The importance of good air quality in the workplace
Indoor pollution is causing a greater number of health-related implications, with many office environments affected by what is known as ‘sick building syndrome’.
A building’s poor indoor air quality (IAQ) is due to tightly sealed buildings which do not allow indoor air to escape or outdoor air to enter. These buildings tend to be constructed via cost-effective measures and have poor ventilation to save energy.
Synthetic building materials and furnishings release fibres that contribute to poor air quality, as does the increased usage of chemicals such as personal care products, pesticides, office chemical products and household cleaners. The symptoms of this syndrome can include headaches, dizziness and sinus congestion, itchy or watery eyes, scratchy throats and lack of concentration.
Emission source inputs from technology at home, in the car and at the workplace can affect IAQ. Combustion pollutants include CO, NOX and SO2, and are emitted by fuel sources being used within a small area. They lower ventilation by absorbing already reduced oxygen levels. Heating, cooking appliances and pollutants can induce typical respiratory complaints.
Indoor ventilation is a problem, as it causes occupants to breathe in recycled air and traps pollutants. Pollutants entering the indoor area can be classified into dust, pollen, biological spores (mould/bacteria), moisture content, high temperatures and emission inputs.
What are the solutions?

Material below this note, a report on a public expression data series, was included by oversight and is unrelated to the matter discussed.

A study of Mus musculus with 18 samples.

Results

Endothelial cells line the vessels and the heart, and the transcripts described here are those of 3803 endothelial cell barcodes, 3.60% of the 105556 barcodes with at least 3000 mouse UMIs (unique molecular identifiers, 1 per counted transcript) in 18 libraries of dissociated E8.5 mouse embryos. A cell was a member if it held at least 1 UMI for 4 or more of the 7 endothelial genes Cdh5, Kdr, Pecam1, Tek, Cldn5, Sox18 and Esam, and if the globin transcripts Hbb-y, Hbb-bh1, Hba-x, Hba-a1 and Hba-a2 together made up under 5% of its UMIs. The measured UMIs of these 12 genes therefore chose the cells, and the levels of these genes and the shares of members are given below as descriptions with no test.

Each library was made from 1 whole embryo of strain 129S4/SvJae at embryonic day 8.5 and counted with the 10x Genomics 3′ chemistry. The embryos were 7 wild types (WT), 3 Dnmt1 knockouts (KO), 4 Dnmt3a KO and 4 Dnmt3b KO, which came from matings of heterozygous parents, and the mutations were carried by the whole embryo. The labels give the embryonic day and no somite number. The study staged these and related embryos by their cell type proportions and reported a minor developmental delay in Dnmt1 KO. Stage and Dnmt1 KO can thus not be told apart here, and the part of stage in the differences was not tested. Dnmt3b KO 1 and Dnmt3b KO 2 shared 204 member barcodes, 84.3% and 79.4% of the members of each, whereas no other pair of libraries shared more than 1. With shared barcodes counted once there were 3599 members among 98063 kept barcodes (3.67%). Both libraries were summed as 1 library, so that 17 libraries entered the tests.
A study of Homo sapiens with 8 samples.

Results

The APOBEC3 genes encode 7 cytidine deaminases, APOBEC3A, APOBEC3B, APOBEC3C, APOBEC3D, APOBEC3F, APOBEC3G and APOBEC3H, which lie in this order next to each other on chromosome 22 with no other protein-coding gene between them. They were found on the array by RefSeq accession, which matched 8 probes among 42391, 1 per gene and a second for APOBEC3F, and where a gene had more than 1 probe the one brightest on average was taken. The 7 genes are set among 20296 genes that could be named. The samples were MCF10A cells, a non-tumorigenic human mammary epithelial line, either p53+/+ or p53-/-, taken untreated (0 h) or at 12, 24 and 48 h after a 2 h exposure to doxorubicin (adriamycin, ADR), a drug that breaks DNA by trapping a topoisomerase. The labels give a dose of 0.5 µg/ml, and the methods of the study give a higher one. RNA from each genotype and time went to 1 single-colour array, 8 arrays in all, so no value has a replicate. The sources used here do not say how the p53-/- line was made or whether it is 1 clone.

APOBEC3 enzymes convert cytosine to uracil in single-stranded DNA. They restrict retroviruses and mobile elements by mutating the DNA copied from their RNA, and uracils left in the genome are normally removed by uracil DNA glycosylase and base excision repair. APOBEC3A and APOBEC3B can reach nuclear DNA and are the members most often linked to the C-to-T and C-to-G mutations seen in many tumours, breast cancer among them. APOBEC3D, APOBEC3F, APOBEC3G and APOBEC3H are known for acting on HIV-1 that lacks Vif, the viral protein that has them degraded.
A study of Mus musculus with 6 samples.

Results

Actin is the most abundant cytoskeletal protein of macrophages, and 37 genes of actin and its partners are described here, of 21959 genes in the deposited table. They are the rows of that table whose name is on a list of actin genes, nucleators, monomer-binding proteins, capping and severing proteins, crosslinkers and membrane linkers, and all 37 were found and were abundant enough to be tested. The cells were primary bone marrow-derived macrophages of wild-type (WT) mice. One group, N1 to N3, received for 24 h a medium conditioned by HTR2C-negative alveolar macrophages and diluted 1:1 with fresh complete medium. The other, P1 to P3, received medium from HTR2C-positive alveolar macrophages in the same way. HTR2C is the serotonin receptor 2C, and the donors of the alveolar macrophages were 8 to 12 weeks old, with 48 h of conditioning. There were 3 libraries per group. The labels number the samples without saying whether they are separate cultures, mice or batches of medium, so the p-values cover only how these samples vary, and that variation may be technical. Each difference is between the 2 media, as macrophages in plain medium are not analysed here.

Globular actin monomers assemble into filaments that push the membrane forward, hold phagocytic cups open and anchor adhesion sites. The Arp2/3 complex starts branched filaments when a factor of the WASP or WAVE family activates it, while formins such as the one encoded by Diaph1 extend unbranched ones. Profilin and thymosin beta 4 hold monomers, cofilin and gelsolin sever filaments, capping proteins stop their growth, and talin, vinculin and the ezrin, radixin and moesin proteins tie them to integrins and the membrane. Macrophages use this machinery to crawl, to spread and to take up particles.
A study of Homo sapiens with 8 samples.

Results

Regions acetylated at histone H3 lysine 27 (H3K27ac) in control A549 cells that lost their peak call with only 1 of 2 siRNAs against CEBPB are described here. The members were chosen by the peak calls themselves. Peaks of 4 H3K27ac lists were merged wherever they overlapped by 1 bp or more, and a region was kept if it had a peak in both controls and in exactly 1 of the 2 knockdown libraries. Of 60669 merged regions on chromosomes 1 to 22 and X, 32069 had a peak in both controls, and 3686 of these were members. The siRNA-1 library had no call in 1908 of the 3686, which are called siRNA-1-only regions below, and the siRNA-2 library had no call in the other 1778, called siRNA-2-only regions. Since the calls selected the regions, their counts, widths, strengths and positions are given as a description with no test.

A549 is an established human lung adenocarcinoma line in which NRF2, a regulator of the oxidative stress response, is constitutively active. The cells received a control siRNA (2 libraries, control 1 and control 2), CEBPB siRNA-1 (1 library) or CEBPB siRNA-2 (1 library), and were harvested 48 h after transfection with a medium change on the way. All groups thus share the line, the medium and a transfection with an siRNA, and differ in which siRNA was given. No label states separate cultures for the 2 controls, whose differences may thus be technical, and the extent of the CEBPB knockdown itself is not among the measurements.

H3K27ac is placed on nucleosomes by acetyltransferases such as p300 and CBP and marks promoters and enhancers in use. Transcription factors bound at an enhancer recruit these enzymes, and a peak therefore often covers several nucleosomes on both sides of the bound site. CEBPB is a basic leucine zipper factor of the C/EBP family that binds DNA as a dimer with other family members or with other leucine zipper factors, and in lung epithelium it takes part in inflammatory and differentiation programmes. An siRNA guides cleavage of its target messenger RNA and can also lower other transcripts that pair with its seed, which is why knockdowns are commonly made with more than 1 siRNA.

Air quality can be improved by eliminating pollutants, controlling emission inputs, increasing ventilation and adding air cleaners to enclosed area.
Here are some suggestions:
- Keep indoor humidity to below 60% (the optimum level is 30–50% relative humidity).
- Lower humidity by the addition of a humidifier.
- Control or repair water leaks and clear damaged furnishings or carpet immediately, as dry surfaces stop mould growth.
- Air conditioner drip trays and filters should be regularly maintained.
- Ensure combustion emissions are redirected to the outside environment.
- Minimise dust by thorough cleaning of indoor areas including furnishings, surfaces and air conditioner filters.
- Improve airflow by checking that the ventilation system is delivering the correct air exchanges to area (the optimum rate is 10 air exchanges).
- Upgrade ventilation to include a pollutant-removing function.
- Reduce use of chemicals indoors, such as aerosols, paints, solvents, air fresheners, cleaners and fume-producing consumables.
- Conduct regular maintenance of ventilation systems.
- Identify biological contaminants by testing to reduce allergic and respiratory reactions.
An Occupational Matters hygienist can complete IAQ testing to detect the possible source of contaminants and concentrations and ensure occupational workplace safety.